I have nothing against the Toyota Prius. It’s the car’s mystique that irks me. You know what I’m talking about: the whole “Toyota Pious” thing. As someone who’s read rational reports from Prius-owning TTAC commentators, as a pistonhead who understands that there’s more to driving a Ferrari than beauty and performance, I swear I’m OK with the hybrid’s PC mantle. But the Prius’s high MPG numbers and green street cred tend to stifle the debate on some important points.
Point One — Are Prius Owners Hypocrites?
Prius drivers swear, “It’s not about all about me.” I’m not buying it. If owners didn’t want people to know that they’re doing their bit for the environment, why has the Prius’ distinctive shape been such a boon to sales? Is the Prius that much more fuel-efficient than its competitors that it deserves to dominate the US hybrid market?
Aside from a small badge and different wheels, the Honda Civic hybrid looked just like every other Civic. Did it sell well? No. Honda Accord hybrid? Nope. Is it any wonder the new Honda Insight is a Prius clone?
There’s no question that the Prius gets great mpg (51/48 for 2010). But I suspect Prius drivers want more: they want us to know they’re saving the planet one car at a time.
Again, that’s OK. But there are limits. A Prius is not a free pass for the hybrid’s owner’s total “carbon footprint.” Or is it? This summer, how many Priora will park in front of chilled McMansions?
Point Two — Shouldn’t the Prius be More Energy Efficient?
Surely a driver concerned about the environment can open and close their windows manually. The electric windows extra motors and wires add unneeded weight and use precious energy. By the same token, why air conditioning? Isn’t the A/C compressor and all of its needed wiring, blowers, hardware etc. wasting energy? What effect does r134a have on the environment?
Why does the Toyota Prius offer an optional ten speaker JBL sound system? For years, we got by with just two or four speakers. Prius drivers could listen to their favorite tunes without the extra power, draw and weight of speakers and amplifiers.
And what of the leather seats? Shouldn’t Toyota fashion the Prius’ chairs, carpeting and other interior materials from some composite derived from recycled plastic bottles or part soybean oil (a la Ford)?
And what about the extra money spent on all of these options? Wouldn’t it be better if Prius buyers purchased de-contented vehicles and sent the money to an appropriate environmental organization?
Point Three — Is the Prius REALLY That Efficient?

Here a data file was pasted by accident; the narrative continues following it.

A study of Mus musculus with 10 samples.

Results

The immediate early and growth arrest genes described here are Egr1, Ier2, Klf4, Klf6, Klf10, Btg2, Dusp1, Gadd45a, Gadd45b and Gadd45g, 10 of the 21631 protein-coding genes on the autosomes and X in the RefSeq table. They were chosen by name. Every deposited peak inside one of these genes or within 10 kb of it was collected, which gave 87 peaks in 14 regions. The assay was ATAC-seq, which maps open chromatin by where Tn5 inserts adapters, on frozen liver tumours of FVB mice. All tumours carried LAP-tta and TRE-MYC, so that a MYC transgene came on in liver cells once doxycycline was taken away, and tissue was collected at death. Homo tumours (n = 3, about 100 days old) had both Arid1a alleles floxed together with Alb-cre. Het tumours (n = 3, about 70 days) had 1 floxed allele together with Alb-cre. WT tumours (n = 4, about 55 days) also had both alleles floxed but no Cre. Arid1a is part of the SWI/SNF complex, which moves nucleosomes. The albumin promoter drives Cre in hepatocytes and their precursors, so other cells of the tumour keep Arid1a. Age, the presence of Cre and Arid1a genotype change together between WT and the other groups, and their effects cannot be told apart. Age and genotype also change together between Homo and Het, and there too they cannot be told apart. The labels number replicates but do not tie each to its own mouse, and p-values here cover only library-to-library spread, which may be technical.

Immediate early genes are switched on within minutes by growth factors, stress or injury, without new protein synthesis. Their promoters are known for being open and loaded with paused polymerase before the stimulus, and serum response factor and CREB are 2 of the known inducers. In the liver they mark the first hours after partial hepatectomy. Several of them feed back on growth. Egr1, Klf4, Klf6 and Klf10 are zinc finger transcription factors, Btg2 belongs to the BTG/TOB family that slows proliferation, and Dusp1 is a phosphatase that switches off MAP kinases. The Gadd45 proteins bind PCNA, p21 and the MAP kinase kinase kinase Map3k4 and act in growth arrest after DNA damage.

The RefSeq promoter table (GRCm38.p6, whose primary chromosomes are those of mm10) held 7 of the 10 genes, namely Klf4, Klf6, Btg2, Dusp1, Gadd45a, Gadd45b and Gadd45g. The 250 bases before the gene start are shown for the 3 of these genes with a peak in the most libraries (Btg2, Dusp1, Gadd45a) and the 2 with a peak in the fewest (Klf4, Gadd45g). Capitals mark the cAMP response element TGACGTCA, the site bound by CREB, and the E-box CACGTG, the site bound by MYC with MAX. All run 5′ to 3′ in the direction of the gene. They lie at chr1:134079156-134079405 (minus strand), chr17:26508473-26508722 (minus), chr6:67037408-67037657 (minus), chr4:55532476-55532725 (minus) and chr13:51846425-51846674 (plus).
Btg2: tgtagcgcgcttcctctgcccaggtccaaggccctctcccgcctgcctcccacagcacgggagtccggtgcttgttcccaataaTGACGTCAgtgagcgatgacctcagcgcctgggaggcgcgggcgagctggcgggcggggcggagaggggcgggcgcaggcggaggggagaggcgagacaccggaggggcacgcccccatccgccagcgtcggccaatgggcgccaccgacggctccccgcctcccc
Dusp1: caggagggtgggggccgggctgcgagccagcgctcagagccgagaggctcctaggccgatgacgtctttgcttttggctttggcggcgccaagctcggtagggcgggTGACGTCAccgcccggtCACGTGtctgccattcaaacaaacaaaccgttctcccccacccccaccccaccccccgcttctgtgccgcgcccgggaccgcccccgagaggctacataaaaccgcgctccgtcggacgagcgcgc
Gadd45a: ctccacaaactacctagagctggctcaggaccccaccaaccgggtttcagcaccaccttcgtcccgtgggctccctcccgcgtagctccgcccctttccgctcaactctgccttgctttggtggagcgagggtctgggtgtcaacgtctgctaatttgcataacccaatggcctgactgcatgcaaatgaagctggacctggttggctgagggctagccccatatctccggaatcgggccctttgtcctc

No question: the Toyota Prius is a clever piece of kit. The car’s Synergy Drive system’s internal combustion engine (ICE) generates electricity for a battery which supplants or assists ICE power in various ways at various times, according to engine load. The Prius also recaptures and reuses braking energy. Equally important, the car sits on skinny tires. And it’s slow.
So what would happen if you equipped a Prius with the world’s most efficient internal combustion engine; a powerplant that would match but not exceed Toyota’s Synergy Drive’s Prius performance?
I’m not suggesting a HUMMER is less energy intensive to produce, operate and recycle than a Toyota Prius. And again I’m not against the Prius, Toyota or Prius owners per se. But it should be asked: is the Prius set-up the best use of our resources?
The same question applies to electric cars. There is a lot of talk in the media about the merits of the electric car and not much debate about the reality. Electric cars need batteries. Batteries need electricity [mostly] generated by fossil fuels. A gallon of gasoline far exceeds a battery in its energy density.
And what of the batteries charge level?
A gasoline car maintains its performance right down to the last milliliter of gasoline. Whether you have a full tank or a quarter tank, there is no discernible performance loss. A battery, on the other hand, shows a significant power loss in a non-linear fashion as it discharges. Ever see what happens when your electronic device gets down to 25 percent power? It performs erratically. Discuss. Meanwhile, I leave you with one final question:
Point Four — Is There A Better Way?
Take the existing Corolla and strip out any unnecessary weight. Next, maximize the engine for gas mileage. The target demographic certainly be able to tolerate decreased acceleration times in the interest of more efficient fuel consumption. (Toyota has extensive experience with diesels; a diesel powerplant should be assessed as well.) Fit the interior with lightweight materials or recycled composites.
How would this low-touch, high-mileage Corolla carbon footprint stack up against the Prius? And if the stripper Corolla offered substantially better efficiency than the Prius at the same price, would Prius owners make the switch?